Corey Widmer on Acts 2:40-47
The Story Continues, Week 3: The New Community
Last week we explored how the arrival of the Holy Spirit fulfilled God's age-old promises: to restore his presence to his people and to unite the nations. But what happened next was not the military or political victory for the nation of Israel that even some of Jesus' own disciples were hoping for; instead, the arrival of the Spirit created something more radical and, truth be told, messy.
The immediate result of Pentecost was the formation of the church. “Church” in this case is not a building or an event, of course, but a radical new community with countercultural social arrangements: men and women, children and adults, Jew and Gentile, slave and free. Together they practiced radical generosity, exhibited profound concern for one another and for the poor, and were committed to prayer and worship.
What we see in the early Church is a glimpse of the Kingdom of God coming on earth as it is in heaven. Ultimately, we see that the purpose of the church is not to be a place to get help in your personal relationship with God but the expression of a new identity for all believers: it is a new community joining God in his mission to renew all things. It is a community both modeled and empowered by the intimate, self-giving relationship shared by the Father, Son and Spirit, something alluded to in this ink and wax crayon drawing by Dominican Nun Marlene Scholz, titled The Blessed Trinity.
This understanding of the work of the Spirit and the new identity each of us who believe in Jesus has as part of the church gives us some important things to consider, and some hard questions to ask:
Is my Christian life primarily lived out an individual level or a communal level?
What kind of personal re-ordering of my life might I have to do to take Christian community this seriously?
What would it take for Third Church to become this kind of radical community?
The Fellowship of the Believers
40And with many other words he bore witness and continued to exhort them, saying, “Save yourselves from this crooked generation.” 41So those who received his word were baptized, and there were added that day about three thousand souls. 42And they devoted themselves to the apostles‘ teaching and the fellowship, to the breaking of bread and the prayers. 43And awe came upon every soul, and many wonders and signs were being done through the apostles. 44And all who believed were together and had all things in common. 45And they were selling their possessions and belongings and distributing the proceeds to all, as any had need. 46And day by day, attending the temple together and breaking bread in their homes, they received their food with glad and generous hearts, 47praising God and having favor with all the people. And the Lord added to their number day by day those who were being saved.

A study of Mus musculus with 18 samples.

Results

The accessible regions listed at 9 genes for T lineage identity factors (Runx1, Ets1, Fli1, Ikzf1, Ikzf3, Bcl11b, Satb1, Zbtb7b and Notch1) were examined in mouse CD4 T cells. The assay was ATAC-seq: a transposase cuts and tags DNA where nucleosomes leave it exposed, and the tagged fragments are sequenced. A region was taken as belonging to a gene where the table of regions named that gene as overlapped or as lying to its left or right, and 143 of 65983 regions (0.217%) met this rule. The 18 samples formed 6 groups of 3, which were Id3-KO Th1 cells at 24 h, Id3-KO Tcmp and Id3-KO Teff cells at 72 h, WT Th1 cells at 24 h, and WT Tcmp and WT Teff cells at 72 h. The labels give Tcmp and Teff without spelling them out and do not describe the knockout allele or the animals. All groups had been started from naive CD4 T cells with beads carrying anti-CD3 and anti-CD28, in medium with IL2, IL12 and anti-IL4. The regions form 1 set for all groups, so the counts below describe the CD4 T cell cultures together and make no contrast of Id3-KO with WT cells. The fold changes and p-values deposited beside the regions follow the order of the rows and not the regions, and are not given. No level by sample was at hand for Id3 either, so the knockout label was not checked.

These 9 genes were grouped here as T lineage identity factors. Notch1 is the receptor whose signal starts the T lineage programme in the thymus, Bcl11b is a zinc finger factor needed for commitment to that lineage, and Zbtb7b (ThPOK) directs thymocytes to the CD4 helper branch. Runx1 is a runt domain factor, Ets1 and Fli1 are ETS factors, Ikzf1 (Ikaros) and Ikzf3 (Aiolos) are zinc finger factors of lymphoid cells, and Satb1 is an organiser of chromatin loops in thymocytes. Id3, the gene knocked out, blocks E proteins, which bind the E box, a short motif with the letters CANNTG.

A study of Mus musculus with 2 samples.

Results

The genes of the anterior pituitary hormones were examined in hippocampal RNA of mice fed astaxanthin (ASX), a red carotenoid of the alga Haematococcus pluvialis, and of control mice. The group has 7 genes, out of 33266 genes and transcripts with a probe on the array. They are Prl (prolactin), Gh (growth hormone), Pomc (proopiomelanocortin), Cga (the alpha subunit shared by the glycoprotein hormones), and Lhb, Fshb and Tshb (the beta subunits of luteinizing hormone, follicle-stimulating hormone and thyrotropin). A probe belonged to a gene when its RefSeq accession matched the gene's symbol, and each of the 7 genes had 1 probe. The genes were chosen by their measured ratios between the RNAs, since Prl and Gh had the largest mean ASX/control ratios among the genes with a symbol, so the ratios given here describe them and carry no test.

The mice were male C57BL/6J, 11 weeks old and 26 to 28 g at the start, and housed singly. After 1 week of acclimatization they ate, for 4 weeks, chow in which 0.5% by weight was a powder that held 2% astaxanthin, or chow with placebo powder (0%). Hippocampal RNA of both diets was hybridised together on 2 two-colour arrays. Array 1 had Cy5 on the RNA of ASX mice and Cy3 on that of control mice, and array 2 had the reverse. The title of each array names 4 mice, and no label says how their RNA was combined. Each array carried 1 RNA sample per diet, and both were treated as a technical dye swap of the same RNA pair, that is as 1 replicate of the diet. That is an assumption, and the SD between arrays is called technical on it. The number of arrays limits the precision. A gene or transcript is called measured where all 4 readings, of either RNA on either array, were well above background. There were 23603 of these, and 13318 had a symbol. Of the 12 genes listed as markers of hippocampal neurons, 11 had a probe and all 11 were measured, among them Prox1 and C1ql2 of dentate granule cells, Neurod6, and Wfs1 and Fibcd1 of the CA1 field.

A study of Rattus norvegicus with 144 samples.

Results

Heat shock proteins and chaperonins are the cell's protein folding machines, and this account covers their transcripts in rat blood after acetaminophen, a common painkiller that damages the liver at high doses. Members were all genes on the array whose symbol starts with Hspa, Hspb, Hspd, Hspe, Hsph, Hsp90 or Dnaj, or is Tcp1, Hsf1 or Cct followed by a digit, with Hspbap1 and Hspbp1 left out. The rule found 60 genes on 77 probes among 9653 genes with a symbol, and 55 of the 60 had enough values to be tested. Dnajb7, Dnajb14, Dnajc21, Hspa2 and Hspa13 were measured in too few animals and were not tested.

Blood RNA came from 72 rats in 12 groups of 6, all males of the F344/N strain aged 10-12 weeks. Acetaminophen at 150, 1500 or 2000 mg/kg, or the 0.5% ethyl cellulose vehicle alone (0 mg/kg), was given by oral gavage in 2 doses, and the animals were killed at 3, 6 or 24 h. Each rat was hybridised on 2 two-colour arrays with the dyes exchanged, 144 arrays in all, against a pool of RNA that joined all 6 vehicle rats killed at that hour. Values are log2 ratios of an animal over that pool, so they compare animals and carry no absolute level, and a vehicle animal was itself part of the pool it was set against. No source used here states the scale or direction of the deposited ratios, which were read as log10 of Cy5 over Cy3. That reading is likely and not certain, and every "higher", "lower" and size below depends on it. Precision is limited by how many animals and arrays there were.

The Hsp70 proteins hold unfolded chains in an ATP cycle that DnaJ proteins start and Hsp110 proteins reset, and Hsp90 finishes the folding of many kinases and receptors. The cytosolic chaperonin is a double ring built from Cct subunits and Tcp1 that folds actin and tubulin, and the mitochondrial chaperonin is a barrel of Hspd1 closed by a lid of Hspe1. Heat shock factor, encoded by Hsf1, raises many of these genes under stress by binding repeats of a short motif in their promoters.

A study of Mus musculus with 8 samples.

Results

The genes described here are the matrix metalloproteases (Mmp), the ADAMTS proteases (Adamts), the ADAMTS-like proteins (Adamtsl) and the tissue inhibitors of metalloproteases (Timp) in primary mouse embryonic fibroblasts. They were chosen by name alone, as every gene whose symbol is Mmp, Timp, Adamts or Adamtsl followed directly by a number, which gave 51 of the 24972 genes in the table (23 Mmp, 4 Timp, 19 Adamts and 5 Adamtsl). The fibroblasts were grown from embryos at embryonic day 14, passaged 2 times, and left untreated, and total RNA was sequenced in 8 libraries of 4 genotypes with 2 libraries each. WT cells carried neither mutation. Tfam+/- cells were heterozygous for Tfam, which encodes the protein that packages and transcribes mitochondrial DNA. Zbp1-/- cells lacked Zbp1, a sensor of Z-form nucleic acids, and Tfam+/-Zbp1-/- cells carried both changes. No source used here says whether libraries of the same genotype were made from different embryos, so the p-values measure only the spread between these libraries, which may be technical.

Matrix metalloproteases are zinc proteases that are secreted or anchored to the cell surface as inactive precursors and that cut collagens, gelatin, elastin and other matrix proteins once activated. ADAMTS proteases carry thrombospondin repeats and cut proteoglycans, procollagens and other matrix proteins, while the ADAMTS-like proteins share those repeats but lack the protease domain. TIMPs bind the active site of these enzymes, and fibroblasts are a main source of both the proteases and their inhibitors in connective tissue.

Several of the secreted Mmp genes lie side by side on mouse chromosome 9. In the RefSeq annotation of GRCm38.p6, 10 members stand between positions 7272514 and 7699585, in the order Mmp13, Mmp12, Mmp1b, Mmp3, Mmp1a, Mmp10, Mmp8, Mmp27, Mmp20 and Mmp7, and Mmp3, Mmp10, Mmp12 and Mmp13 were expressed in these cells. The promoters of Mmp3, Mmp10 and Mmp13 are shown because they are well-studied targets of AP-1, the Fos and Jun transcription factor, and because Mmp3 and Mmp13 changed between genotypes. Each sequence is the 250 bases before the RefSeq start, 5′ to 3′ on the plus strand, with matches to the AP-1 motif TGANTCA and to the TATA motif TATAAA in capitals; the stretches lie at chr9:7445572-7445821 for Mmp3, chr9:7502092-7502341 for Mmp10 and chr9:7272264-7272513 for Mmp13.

"We often surround ourselves with those we most want to live with, thus forming a club or clique, not a community. Anyone can form a club; it takes grace, shared vision, and hard work to form a community.”
Why Study Acts Now?
Today, Third Church is entering into a completely new and exciting chapter of our long story, even as we are in continuity with all that has come before. We are in a new denomination, one that is eager to empower congregations for creative works of mission. We are in a metropolitan city that is growing and changing in dynamic ways, and one in which God is clearly at work to advance his Kingdom and to bring healing and reconciliation. We are in a cultural moment in which growing secularity is requiring the North American church to restore its original identity as a missionary community. Who knows what the next chapter will hold?
There is One who does. As we dream and envision what lies ahead together, we take our cues from the One who reigns and writes the story of history. We want to follow Him and His ways, not our own creative ideas.
For that reason we’ll be spending the first five weeks of the year studying some key passages together in the book of Acts. The book of Acts is not just an interesting narrative on the ancient church – it is our story, the story that we are a part of and that the Spirit of God continues to write for us today, both as a community and as individuals. We listen deeply to the story of the church so we know how to live as faithful followers of Jesus in this new time and place.